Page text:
The Dreaded SAP_ALL Power Profile

Eliminating SAP ALL

How you can maintain GRC compliance if you have users with dangerous SAP_ALL?

The authorization profile, SAP_ALL has such vast amounts of authorizations inside that it is mistakenly known as “the profile that can grant everything in the SAP system”. Dangerous? Sure. Very dangerous. And it’s not alone – there are other, more powerful profiles like SAP_NEW, S_A.ADMIN, S_A.SYSTEM and more.

So, why are people still using and requesting SAP_ALL?

Usually because of ego and because it’s easy.

Users tend to ask for SAP_ALL authorizations because “they know what they’re doing,” “they need lots of authorizations,” and, “so the work doesn’t stop due to annoying ‘no-authorization’ messages”. Sure, by using the SAP_ALL authorization profile, there aren’t any “no-authorizations” messages anymore, but the user becomes a hacker-favorite for taking over. Most hackers prefer to use an SAP account that was granted SAP_ALL authorization profile for their underhanded activities – it’s really a genuine time-saver and a great advantage for committing fraud or stealing information.

People grant SAP_ALL profiles because it’s a quick solution when the stress is on. System administrators often tell us it’s much simpler to grant SAP_ALL to the new developer in the IT department than to tediously identify exactly which authorizations are required.

Granting SAP_ALL and similar power profiles to user accounts creates and then expands security-holes, grants an unnecessarily huge amount of authorizations to people that can’t justify them, and exposes the organization to new possibilities of fraud and internal hacking.

Cleary, GRC auditors do not like users with powerful authorization profiles, i.e., power-users. So, organizations will try to remove SAP_ALL and grant only the required Authorization Roles. Removing SAP_ALL is easy. What’s hard is deciding which roles to assign to the user instead.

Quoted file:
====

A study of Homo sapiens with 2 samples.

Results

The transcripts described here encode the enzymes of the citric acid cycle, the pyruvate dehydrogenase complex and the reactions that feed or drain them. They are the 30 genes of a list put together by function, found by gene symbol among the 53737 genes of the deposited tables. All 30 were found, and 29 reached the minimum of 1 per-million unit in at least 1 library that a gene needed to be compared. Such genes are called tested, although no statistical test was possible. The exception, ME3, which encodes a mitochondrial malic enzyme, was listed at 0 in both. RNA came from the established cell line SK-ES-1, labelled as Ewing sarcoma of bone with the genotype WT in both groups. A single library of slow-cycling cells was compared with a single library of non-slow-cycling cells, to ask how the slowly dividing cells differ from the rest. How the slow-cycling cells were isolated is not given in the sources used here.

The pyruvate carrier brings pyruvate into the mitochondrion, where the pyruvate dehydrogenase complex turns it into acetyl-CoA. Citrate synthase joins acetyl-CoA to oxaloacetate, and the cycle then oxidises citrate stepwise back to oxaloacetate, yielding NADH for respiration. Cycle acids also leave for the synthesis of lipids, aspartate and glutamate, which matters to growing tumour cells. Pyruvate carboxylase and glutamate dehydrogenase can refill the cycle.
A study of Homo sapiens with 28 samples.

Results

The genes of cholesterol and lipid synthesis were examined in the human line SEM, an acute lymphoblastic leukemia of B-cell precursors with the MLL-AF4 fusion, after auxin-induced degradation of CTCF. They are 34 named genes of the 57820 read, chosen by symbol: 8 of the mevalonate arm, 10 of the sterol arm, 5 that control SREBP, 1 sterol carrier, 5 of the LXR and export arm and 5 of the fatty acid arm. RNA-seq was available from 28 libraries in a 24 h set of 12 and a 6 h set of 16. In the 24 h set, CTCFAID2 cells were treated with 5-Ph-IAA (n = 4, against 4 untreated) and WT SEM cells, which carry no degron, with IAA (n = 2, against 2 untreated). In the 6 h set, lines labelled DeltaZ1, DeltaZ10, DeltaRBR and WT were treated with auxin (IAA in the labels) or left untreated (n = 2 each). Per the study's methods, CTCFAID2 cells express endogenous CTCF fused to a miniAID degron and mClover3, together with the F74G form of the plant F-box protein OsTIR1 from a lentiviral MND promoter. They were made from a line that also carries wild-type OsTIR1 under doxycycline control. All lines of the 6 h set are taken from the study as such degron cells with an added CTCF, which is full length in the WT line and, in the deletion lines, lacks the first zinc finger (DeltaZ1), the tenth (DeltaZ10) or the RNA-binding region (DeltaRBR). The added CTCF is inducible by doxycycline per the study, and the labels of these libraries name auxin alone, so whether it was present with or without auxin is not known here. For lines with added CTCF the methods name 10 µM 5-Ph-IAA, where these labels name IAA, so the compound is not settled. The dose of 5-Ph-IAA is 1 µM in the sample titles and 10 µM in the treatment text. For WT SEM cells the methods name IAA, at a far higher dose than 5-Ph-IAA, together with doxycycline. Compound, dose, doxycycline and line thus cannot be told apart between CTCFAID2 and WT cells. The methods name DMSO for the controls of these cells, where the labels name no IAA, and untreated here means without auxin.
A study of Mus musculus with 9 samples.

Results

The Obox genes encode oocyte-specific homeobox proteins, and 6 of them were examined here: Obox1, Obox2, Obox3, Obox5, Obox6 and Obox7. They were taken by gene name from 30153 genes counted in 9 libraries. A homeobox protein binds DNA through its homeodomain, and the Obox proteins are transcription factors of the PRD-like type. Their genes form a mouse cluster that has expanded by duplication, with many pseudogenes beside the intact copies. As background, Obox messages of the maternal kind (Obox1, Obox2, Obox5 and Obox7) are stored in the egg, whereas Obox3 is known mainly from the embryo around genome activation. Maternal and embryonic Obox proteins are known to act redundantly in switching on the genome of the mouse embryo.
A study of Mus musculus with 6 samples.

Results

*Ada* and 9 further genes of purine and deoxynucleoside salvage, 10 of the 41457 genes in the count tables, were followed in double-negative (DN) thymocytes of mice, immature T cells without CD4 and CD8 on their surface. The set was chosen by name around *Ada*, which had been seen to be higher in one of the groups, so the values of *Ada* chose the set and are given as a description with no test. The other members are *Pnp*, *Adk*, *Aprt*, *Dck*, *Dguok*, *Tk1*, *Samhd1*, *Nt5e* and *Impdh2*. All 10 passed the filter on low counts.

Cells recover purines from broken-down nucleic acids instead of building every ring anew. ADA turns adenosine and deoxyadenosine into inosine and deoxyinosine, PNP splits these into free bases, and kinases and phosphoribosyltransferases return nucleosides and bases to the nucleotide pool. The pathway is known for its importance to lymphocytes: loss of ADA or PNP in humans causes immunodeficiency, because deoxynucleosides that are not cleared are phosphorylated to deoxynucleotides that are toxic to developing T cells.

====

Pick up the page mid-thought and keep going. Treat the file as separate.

Get clean: How to really solve current SAP_ALL situations

There are two ways to solve the SAP_ALL situation: through “trial & error” and by using “behavior-based profiling”.

  1. “Trial & error” means taking off the powerful profiles from the user and granting him Authorization Roles that fit his job. For 1-2 users this may be a decent solution (although not perfect), but what about 10, 20 or even 50 users who have SAP_ALL?
  2. “Behavior-based profiling” analyzes the user’s behavior for 3-6 months and creates precise Authorization Roles for him. Xpandion’s behavior-based software tool ProfileTailor Dynamics is one such solution, or you can create a long trace file and analyze it on your own.

Assuming you’ve done this, you’re “clean”. Now, you have to stay “clean” by implementing a set of controls to avoid granting powerful authorization profiles again.

How to stay clean?

To stay on the safe side of GRC, you should do the following:

  1. Implement a dedicated external system like ProfileTailor Dynamics, so you can define powerful, “sensitive” authorization profiles and activate an alert for when they’re granted that gets sent to the security officer.
  2. Implement a practical tool like Xpandion’s Emergency Access. If users need privileged access for a limited time, this mechanism allows them to open a username or grant a special Authorization Role for that limited amount of time.